Published: 2006 by Tor
“Elantris” is a standalone fantasy novel by Brandon Sanderson. I started reading it because I love Sanderson’s writing and to distract myself from the urge to read ahead with Mistborn.
The city of Elantris was once a pinnacle of greatness. Random individuals from the kingdom of Arelon would wake up to find themselves transformed into Elantrians, white-haired god-like beings who could harness the power of the Aons and achieve near-immortality. However, ten years before the book takes place place, Elantris was cursed. Now the people of Arelon sometimes wake up turned into leprous zombie-creatures and are cast into the decaying remnants of Elantris to rot.
The story focuses on three major characters. Raoden was the heir to the throne of Arelon, until he woke up one morning as an Elantrian zombie. He is cast into Elantris and tries to make the most of his situation, uniting the street gangs and trying to instill hope for the first time since Elantris’ fall. Raoden is determined to figure out the secrets of the Aons and to restore Elantris to its former glory.
Sarene is a princess from a neighboring country who was betrothed to Raoden. She traveled to her wedding to find that Raoden had died (because nobody would tell her he was a zombie), but the betrothal contract was worded in such a way that she would technically be married to him if he died so that the political union between the two countries would be preserved. Sarene finds it hard to adjust to life in Arelon, especially because women aren’t taken seriously there, but finds herself playing an increasingly crucial role in preserving Arelon’s future.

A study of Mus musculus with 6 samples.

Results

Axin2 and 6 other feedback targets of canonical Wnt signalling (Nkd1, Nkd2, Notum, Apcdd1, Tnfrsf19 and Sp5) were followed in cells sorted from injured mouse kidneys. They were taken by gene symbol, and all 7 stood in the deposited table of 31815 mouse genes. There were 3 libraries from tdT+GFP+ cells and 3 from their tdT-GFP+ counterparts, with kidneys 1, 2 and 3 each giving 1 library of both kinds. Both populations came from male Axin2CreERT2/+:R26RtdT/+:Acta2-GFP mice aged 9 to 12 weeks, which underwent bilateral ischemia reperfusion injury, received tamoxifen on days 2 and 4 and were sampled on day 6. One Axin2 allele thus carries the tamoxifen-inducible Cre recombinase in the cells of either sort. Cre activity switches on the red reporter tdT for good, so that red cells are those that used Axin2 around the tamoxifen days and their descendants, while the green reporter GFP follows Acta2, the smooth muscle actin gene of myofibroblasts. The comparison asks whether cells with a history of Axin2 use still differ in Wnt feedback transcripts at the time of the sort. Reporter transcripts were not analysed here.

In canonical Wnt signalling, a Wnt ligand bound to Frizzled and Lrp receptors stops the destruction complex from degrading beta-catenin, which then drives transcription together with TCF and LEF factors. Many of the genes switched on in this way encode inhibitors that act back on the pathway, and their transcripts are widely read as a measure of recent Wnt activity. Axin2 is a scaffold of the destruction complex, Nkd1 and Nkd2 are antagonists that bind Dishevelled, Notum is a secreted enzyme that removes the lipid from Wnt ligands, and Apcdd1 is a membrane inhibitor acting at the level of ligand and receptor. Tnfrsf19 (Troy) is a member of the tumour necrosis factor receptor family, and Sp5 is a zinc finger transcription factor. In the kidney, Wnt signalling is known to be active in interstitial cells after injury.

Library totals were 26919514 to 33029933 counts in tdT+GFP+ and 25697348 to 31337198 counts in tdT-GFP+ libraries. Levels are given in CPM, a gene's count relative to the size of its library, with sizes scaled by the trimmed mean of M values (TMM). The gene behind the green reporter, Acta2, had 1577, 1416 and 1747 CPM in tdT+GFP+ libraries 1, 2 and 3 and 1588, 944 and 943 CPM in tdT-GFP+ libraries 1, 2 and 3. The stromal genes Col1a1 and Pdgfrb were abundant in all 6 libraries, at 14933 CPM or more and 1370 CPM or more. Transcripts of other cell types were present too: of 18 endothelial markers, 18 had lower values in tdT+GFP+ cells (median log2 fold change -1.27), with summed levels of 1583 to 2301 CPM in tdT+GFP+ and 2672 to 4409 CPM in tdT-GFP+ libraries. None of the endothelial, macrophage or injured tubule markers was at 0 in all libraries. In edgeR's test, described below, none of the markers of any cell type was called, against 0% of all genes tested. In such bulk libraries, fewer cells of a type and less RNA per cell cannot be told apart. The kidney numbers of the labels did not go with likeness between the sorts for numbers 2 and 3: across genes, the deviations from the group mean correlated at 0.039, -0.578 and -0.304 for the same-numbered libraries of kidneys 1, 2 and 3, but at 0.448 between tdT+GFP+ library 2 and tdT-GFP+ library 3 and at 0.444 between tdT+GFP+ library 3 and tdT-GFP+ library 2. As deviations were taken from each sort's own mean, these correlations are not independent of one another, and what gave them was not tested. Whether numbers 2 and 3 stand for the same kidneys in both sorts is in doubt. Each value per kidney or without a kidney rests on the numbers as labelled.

The third major character, Hrathen, could technically be considered a villain. He is a priest/warrior-monk who has been sent to convert Arelon to the Fjordell religion. If Arelon isn’t converted within three months, his superiors will destroy it. However, conversion to the Fjordell religion would mean a loss of Arelon’s autonomy, as the religion is based on hierarchy and obedience. I thought that it was a very interesting choice to use a villain as a major protagonist. It definitely made the book more interesting, especially as we came to understand Hrathen’s motives and his own misgivings.
As per usual, Brandon Sanderson creates a scientific system of magic that takes its form through natural processes. I’m not going to get into how the magic works because that would be a major spoiler; suffice to say that certain rules must be obeyed or it won’t work. Magic is treated like something that isn’t so much supernatural as a part of the world that isn’t fully understood.
I knew that Sanderson’s works are all interrelated, but I was a bit surprised whenever Hoid turned up! I had first encountered this particular character while reading “The Way of Kings.” After browsing around a bit on the internet, I read that Sanderson’s books are all set within the same universe called the Cosmere, but on different planets. Hoid is one of the characters who is able to travel between worlds, hence the fact that he keeps showing up in different Sanderson novels. It makes me want to read more, as well as to go back to “Way of Kings” and see if there are any more clues about him.
“Elantris” was a fun and well-written tale of magic, politics, and zombie society. I’d recommend it to anyone looking for a unique fantasy read, especially as it’s a single book rather than a part of a series.
“Elantris” won the Romantic Times award for best epic fantasy of 2005, so I’m including it in the Award Winning Books Challenge. It also counts toward the Once Upon a Time Challenge and the Speculative Fiction Challenge.